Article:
New King James Version 2 Peter 3:9

The Lord is not slack concerning His promise, as some count slackness, but is longsuffering toward us, not willing that any should perish but that all should come to repentance.

is patient/longsuffering
μακροθυμεῖ (makrothymei)
Verb - Present Indicative Active - 3rd Person Singular
Strong's Greek 3114: From the same as makrothumos; to be long-spirited, i.e. forbearing or patient.

In https://biblehub.com/2_peter/3-9.htm, 6 out of 28 translate μακροθυμεῖ as "longsuffering".

Is God actually suffering? What is the meaning of the English word "longsuffering"? Is it a good match for the Greek μακροθυμεῖ?

2 Answers 2


The English verb “suffer” has several meanings. In 2 Peter 3:9, it is used in the now obsolete sense of:1

intransitive. To endure, hold out, wait patiently. (Often with abide, bide.) to suffer long: to be long-suffering. Obsolete.

In modern English, we could translate it as “is patient.” Yes, both “to be longsuffering” (now obsolete) and “to be patient” are appropriate translations of the Greek verb μακροθυμέω.

The Oxford English Dictionary also has the following entries on the noun long-suffering and the adjective long-suffering.

long-suffering (n.)

Origin: Formed within English, by compounding; modelled on a Greek lexical item. Etymons: long adj.1, suffering n.

Etymology: < long adj.1 + suffering n., ultimately rendering Hellenistic Greek μακροθυμία (see longanimity n.).

Chiefly in religious contexts.

Patient endurance of provocation or trial; forbearance, longanimity.

long-suffering (adj.)

Origin: Formed within English, by compounding. Etymons: long adv.1, suffering adj.

Etymology: < long adv.1 + suffering adj., after long-sufferance n., long-suffering n.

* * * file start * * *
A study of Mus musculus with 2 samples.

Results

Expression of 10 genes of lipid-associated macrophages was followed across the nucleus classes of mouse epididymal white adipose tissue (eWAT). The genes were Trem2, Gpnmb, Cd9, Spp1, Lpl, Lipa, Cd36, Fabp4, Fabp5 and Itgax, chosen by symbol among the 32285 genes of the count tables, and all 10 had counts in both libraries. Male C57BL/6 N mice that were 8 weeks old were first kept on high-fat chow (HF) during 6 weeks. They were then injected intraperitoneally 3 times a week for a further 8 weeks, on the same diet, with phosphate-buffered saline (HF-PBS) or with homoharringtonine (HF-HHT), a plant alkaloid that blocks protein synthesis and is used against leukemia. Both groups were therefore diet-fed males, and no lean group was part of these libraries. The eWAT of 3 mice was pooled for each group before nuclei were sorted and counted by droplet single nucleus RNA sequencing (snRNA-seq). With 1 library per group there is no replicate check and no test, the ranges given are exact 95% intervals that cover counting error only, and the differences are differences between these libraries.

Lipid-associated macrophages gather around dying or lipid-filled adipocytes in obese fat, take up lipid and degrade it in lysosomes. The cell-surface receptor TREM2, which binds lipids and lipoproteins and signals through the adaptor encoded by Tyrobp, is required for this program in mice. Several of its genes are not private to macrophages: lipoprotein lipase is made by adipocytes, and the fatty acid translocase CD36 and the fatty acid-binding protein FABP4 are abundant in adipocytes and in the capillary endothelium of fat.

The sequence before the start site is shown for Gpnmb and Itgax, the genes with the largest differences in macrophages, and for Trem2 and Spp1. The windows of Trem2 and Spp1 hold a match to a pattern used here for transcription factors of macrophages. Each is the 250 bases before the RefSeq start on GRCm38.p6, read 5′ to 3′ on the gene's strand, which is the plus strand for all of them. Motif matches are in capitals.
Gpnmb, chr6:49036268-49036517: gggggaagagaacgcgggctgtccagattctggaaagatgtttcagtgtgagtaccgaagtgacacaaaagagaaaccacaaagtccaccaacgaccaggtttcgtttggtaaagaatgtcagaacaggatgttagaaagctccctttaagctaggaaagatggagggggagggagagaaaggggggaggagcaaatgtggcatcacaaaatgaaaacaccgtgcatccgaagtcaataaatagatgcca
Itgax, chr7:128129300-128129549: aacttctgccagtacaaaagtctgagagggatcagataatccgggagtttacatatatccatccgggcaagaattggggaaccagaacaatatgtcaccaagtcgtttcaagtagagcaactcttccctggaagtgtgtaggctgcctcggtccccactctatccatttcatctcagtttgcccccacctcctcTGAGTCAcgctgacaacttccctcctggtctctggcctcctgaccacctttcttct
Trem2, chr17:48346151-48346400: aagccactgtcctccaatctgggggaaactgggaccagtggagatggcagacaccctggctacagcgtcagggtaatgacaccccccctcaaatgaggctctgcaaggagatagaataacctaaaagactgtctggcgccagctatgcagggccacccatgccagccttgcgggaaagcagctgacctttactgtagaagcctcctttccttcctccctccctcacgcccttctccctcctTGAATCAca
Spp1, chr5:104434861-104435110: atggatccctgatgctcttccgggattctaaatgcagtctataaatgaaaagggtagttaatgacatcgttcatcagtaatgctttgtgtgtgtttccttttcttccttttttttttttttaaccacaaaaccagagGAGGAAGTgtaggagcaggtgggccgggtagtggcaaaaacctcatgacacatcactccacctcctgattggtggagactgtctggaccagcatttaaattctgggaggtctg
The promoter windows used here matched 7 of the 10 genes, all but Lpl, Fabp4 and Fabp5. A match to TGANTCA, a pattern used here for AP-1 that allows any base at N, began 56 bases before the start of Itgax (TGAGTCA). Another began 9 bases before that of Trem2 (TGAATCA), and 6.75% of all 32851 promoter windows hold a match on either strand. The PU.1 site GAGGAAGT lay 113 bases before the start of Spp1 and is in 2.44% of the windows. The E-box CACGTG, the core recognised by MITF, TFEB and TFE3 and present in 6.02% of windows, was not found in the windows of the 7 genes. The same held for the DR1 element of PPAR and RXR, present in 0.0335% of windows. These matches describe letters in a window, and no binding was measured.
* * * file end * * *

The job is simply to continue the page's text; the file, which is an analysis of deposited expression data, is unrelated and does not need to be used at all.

In quot. 1535 perhaps influenced by German langmütig (see longmood adj. at long adj.1 and n.1 Compounds 4a), itself after classical Latin longanimus and ultimately after Hellenistic Greek μακρόθυμος (see longanimous adj.). The Hebrew original has 'ereḵ appāyim slow to anger.

Patient or forbearing in spite of troubles or provocation.


        1 Oxford English Dictionary, “suffer,” v., 6.


“long-suffering, adj.” OED Online, Oxford University Press, June 2020, oed.com/view/Entry/110083. Accessed 8 August 2020.

“long-suffering, n.” OED Online, Oxford University Press, June 2020, oed.com/view/Entry/110082. Accessed 8 August 2020.

“suffer, v.” OED Online, Oxford University Press, June 2020, oed.com/view/Entry/193523. Accessed 8 August 2020.

  • 1
    I disagree with Oxford that the definition provided is obsolete. I use the word "suffer" in that regard to this day. Of course, it's possible that Oxford is surreptitiously letting me know I am now obsolete. Aug 6, 2020 at 0:04
  • Whether obsolete or not "longsuffering" is poetically superior to "patient." I also like "slow to anger." I suspect the Greek scripture is groping for the concept expressed in Ex. 34:6 - 'The LORD passed before him, and proclaimed, "The LORD, the LORD, a God merciful and gracious, slow to anger, and abounding in steadfast love and faithfulness.' Aug 8, 2023 at 18:29

Regarding "Suffering" (סֵבֶל) or Endurance [2 Peter 3:9] - "The Lord is not slow in keeping his promise, as some understand slowness. Instead he is patient with you, not wanting anyone to perish, but everyone to come to repentance." - Are all Souls imprisoned in bodies on earth until they seek repentance?

  • We learn in [Hebrews 10:36] "You need to suffer so that when you have done the will of God, you will receive what he has promised."

We learn in [Iyov (Job) 2:6] the Satan (הַשָּׂטָ֔ן), a prosecutor angel for YHVH, is allowed His Hand (יָֽדְךָ֔) to touch (גַ֥ע) Iyov (אִיּוֹב֒) to the point of "preserving His life" (נַפְשׁ֖וֹ שְׁמֹֽר). - Does this mean "suffering" comes from God's Hand or Satan's Hand?

Why does God allow suffering? [Iyov 36:15] "He rescues the lowly from their affliction, And opens their understanding through distress." - Distress (לַּ֣חַץ)

King David explains (לַּ֣חַץ) is from adversaries not God. In [Tehillim (Psalms) 56:2-3]. Regarding physical stress (לַּ֣חַץ) or "suffering", David (דָוִ֣ד) adds "in God I trusted, I will not fear. What can flesh do to me?" - Demonstrating his soul is more important to save than his body. Souls can only suffer in a body that suffers. - But if all bodies eventually endure some form of suffering, why would God put souls in them? Are souls being taught a lesson before returning to Heaven?